The title of this book makes it sound rather daunting as a casual read. After working through the introduction, however, it quickly picks up speed and is a generally enjoyable book. But don’t expect speed in the sense of action-packed adventure and high-speed chases: rather, consider the speed created by the momentum of massive forces of nature coming together to form matter, then life, and finally, us. Do not be deceived: this is a book about science. But also do not be deterred. Unlike the science texts you were forced to swallow whole during grade school, this book maintains a steady pace and only provides enough science-y detail to help you grasp difficult concepts and make the necessary connections from one branch of science to another.
The beginning of the book takes on some of the biggest theories in the physical sciences, mostly surrounding the “Big Bang” theory and the creation of the universe as we more or less understand it now. The theories are palatably explained, and the book doesn’t dwell on any single concept for too long. Once the universe is sufficiently formed, the book moves into the particulars regarding our own planet. We are introduced to the elements, scientific measuring tools, Einstein’s major theories (along with his ideas that didn’t really take off), and subatomic particles.
After breezing through the particulars of particles, the book moves into the macro-events that shape our world. These events mostly consist of different ways our planet can explode, from beneath and from above. It’s quite exciting, in a nerdy sort of way. Once the earth has been roughly hewn into the form we know today, the book proceeds to explain the forces of nature and the huge helpings of luck that combined to usher in the creation of life. Cell theory and structure are explained in a format much more agreeable than any eighth-grade science text I have encountered. Darwin and his colleagues (and enemies) join the scene, and the final chapters of the book discuss the admittedly paltry evidence and scientific educated guesses surrounding our evolution from other forms of life.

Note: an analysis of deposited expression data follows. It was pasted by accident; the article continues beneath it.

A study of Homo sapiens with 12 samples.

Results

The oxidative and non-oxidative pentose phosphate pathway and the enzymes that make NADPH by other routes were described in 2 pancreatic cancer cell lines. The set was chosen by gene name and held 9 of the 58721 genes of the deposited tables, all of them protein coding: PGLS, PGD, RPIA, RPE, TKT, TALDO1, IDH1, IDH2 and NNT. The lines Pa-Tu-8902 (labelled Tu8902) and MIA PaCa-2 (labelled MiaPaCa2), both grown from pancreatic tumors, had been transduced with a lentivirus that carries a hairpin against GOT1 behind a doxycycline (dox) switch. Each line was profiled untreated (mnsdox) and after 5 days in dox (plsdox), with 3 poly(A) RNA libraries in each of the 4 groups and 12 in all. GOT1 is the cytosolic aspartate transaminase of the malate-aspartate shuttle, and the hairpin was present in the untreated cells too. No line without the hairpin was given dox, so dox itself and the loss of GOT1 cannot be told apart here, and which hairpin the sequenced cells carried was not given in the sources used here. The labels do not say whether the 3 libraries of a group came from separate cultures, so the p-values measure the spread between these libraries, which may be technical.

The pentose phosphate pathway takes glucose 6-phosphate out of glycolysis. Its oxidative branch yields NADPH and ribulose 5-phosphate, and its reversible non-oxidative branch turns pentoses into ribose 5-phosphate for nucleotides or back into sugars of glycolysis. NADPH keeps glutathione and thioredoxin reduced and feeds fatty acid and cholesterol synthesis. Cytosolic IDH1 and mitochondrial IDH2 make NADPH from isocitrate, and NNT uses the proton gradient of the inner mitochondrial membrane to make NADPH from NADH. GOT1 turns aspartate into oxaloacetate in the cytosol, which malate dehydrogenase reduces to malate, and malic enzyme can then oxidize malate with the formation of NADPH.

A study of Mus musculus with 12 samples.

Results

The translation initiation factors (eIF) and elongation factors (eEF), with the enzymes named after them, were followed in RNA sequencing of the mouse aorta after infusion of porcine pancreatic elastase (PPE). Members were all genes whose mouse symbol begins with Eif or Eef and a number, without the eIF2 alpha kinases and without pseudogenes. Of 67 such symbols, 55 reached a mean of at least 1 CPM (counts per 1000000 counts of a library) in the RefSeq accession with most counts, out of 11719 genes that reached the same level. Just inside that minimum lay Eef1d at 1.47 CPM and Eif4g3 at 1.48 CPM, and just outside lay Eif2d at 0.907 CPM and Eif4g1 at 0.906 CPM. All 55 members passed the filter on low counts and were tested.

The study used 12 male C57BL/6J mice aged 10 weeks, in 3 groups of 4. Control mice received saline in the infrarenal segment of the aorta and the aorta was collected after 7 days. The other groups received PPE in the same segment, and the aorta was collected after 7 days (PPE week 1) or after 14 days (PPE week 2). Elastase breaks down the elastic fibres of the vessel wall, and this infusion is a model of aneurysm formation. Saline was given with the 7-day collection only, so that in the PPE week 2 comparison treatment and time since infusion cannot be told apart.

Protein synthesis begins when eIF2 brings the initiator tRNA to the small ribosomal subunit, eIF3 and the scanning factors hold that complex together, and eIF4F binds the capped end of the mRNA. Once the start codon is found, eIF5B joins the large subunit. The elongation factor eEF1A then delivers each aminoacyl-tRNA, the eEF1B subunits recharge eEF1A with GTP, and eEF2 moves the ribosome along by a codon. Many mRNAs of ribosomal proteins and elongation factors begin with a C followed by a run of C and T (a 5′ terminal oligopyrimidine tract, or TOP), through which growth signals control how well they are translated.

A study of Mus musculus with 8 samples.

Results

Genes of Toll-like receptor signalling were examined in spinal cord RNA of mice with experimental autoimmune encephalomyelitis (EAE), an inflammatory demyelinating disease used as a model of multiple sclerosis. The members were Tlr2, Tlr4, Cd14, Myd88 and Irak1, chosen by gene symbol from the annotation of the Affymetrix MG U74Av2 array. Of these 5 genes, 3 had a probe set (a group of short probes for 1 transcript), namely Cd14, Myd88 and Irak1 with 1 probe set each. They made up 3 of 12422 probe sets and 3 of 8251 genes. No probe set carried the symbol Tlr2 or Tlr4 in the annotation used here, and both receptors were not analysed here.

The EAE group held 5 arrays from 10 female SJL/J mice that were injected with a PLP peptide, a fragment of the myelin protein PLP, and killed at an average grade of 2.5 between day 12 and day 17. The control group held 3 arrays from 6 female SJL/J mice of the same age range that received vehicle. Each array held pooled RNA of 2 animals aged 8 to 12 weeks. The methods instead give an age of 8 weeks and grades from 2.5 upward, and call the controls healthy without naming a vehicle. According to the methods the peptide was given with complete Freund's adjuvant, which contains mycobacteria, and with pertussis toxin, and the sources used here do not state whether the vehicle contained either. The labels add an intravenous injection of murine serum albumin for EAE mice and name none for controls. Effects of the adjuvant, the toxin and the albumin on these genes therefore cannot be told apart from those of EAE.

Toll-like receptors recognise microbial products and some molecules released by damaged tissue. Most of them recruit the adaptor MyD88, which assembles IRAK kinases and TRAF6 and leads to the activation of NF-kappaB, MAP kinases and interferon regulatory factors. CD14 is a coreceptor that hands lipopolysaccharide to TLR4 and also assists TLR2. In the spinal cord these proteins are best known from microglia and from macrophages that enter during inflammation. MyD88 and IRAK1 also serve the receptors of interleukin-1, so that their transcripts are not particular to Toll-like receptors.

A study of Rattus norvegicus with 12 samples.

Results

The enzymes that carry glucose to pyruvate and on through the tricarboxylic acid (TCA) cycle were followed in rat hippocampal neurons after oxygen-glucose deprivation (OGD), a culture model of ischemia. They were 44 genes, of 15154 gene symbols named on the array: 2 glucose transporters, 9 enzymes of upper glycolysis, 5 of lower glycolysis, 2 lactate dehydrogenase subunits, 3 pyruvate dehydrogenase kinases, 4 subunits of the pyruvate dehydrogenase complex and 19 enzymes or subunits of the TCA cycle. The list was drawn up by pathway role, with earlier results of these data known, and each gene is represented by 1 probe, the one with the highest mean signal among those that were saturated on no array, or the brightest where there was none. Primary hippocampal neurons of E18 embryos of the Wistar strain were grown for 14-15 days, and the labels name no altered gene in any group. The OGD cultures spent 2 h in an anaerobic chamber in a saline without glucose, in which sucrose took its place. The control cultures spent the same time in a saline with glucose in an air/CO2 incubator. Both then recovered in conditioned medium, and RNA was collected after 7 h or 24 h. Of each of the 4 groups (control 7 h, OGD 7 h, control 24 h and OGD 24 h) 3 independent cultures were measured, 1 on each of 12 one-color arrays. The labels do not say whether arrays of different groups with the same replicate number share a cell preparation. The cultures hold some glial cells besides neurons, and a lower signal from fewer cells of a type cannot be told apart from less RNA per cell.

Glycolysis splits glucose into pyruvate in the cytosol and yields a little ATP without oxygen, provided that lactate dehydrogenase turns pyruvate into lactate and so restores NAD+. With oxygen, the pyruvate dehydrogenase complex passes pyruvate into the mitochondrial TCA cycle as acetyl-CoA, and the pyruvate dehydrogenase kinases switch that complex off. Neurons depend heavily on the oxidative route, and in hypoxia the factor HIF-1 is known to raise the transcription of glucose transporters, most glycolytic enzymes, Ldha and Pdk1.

The book’s structure is broken down nicely into short chapters so reading can be accomplished in small, edible bits, so as not to overwhelm the typical reader who hasn’t touched a science text since high school. The concepts are interesting, and I enjoyed the descriptions of squabbling and drama that accompany each major scientific breakthrough. As opposed to our school texts that merely present facts to be memorized for later regurgitation, this book presents a more realistic view of science: an ever-evolving set of ideas that only hold true until our understanding of the world and universe around us dramatically changes through some paradigm-shattering discovery. The only chapter I didn’t really care for was the final one, which suddenly veers into a discussion of how much death and destruction we create as human beings. Despite some superfluous authorial diatribe, the book ends well and leaves the reader feeling a little bit smarter.
Rated: Moderate. You will unexpectedly encounter one use of the “s” word near the beginning of the book, and then two instances of the “f” word later on. Apparently scientists sometimes get a little carried away explaining and defending their theories and let fly some rather un-scientific words.